The social world envisioned by Oscar Wilde in his famous novel is overpopulated with vain and calculating social-climbers. It remains a merciless, appropriately florid thesis on how desire and vanity exist in tandem with artistic creation, almost inevitably corrupting the soul of both the artist and the subject of their art. In this updated adaptation, produced by Theatre Inamorata, Kristofer Van Soelen takes this truth and easily shows its timelessness, throwing a more obviously satirical but equally harsh light on the modern art world as seen through a newcomer who eventually becomes both its cruellest perpetrator and most damaged victim.
The setting is modern-day Toronto, with Dorian (Tennille Read – the character, along with most of the rest of the novel’s cast, has been changed from male to female, in keeping with Theatre Inamorata’s mandate of staging classical pieces featuring predominantly women) having recently arrived to the city from Caledon. She has befriended Jane (Ximena Huizi, thoughtful and poised), who uses her as a model for her sculpting, and is then quickly taken under the wing of Opal (an entertaining and very quick Michelle Langille). Opal is a cynical, charismatic agent capable of a dozen quips a minute, who professes disdain for the superficiality of the art world while relying on it to wrangle success for her and her clients. Through her, Dorian is soon introduced to the modern art scene, including Sibyl (Sydney Violet Bristow, very moving), an aspiring actress whose lead performance in a production of Romeo and Juliet captures Dorian’s imagination and launches her exploitative ambition.
Read gives Dorian a charming, almost slapstick guilelessness that makes it hard initially to imagine how she’ll transition into the ruthless opportunist of the original story – but she pulls it off with aplomb, zeroing in on the character’s growing enthusiasm for recognition, and letting that run rampant over everything that gets in her way. The rest of the cast is just as strong, with Mamito Kukwikila giving a very compelling and poised performance as Laura, Opal’s warm, perceptive wife, and Edward Charette, gamely covering all the male roles, also doing excellent work. All are very cohesive as an ensemble which focuses on a closely-connected group of women who rely on each other for work, friendship and romance, but who are also prey to the cruelty of the commercial art world.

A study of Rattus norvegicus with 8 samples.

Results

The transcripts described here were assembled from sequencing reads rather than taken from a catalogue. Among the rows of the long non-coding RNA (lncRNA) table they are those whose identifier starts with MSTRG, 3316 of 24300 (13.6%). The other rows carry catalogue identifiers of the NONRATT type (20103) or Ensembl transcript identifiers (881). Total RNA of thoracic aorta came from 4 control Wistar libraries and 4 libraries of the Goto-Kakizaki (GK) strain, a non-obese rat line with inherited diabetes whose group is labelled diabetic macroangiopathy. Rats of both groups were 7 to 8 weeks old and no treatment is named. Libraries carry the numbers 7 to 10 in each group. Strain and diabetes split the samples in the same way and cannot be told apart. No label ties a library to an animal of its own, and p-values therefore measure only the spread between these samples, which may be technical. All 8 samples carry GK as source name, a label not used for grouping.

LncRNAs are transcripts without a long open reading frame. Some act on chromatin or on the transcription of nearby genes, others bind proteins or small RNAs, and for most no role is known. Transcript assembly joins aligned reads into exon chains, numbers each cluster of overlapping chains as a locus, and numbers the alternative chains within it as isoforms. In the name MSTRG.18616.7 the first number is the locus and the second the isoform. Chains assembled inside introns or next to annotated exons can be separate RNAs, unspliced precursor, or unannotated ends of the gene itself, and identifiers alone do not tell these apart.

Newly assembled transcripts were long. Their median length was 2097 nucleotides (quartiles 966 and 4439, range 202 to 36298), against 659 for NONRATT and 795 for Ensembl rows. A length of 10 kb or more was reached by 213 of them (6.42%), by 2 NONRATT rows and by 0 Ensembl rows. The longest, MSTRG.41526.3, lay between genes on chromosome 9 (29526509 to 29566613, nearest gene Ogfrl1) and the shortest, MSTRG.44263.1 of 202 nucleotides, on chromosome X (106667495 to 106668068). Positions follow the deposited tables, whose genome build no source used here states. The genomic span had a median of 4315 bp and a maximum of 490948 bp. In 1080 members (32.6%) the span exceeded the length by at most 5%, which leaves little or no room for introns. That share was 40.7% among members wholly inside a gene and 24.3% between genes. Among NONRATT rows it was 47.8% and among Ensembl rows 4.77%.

Courtney Ch’ng Lancaster’s careful direction and Van Soelen’s barbed script work in tandem to show both the strength of this world and its drawbacks, using Wilde’s work as a sweetly brutal frame. The play is in many ways an appropriately modern depiction of superficiality in a cultural enclave that rewards the attention-grabbing spectacle over more artistically ambitious, deeply considered work, and Dorian’s story seems in part to be about how the her beauty is enhanced by being at the centre of the cultural hoi polloi. With this in mind, Van Soelen cannily has Dorian display a false veneer of allyship to women she seduces and whose marginalized status makes them perhaps more interesting and easily exploitable to her. When Sybil, who is trans, is thoughtlessly deadnamed by her semi-estranged brother (Charette), Dorian expresses outrage on Sybil’s behalf before almost immediately dumping her after she gives a shaky performance following the confrontation. Without constant displays of talent, Sybil becomes a less interesting prospect for Dorian. Later, in her seduction of Laura, Dorian abruptly bemoans how difficult it must be for her as a black gay woman to move through society, a statement whose sincerity is undermined by Dorian’s clear indifference to the suffering of others. These moments astutely update the insight of Wilde’s original, transplanting the same vanity and impulse for exploitation, and placing them in a harshly topical context.
Though one or two plot threads are left hanging, the play mostly does a nice job of telling a short, sharp tragic satire. All of the above makes watching the work sound perhaps much heavier than it is, and while it indeed has its fair share of emotional violence as it charts Dorian’s descent, the gorier parts of the story have been removed, leaving the betrayal and shattered relationships, but excising all the murder. The first half, particularly in scenes that feature Langille, is quite comic, and as with Read’s performance, the script and direction do a nice job of taking us into the second half’s tougher parts.
Andy Trithardt’s score is moody and richly layered, while Lindsay Wood’s set, which alternates amongst other places between an apartment, an upscale restaurant, and a theatre, all with the aid of nicely choreographed transitions by the cast, is a furnished blast of white – an almost neutral space (even the pictures, tellingly, are absent from the frames that decorate the walls) which removes almost all identifiable pieces of art from the room. One of the few visible pieces is of course the sculpture itself, replacing the novel’s painting: in a society that often prioritizes the brand of the creator themselves rather than their creation, it’s perhaps appropriate that the art in question is a body.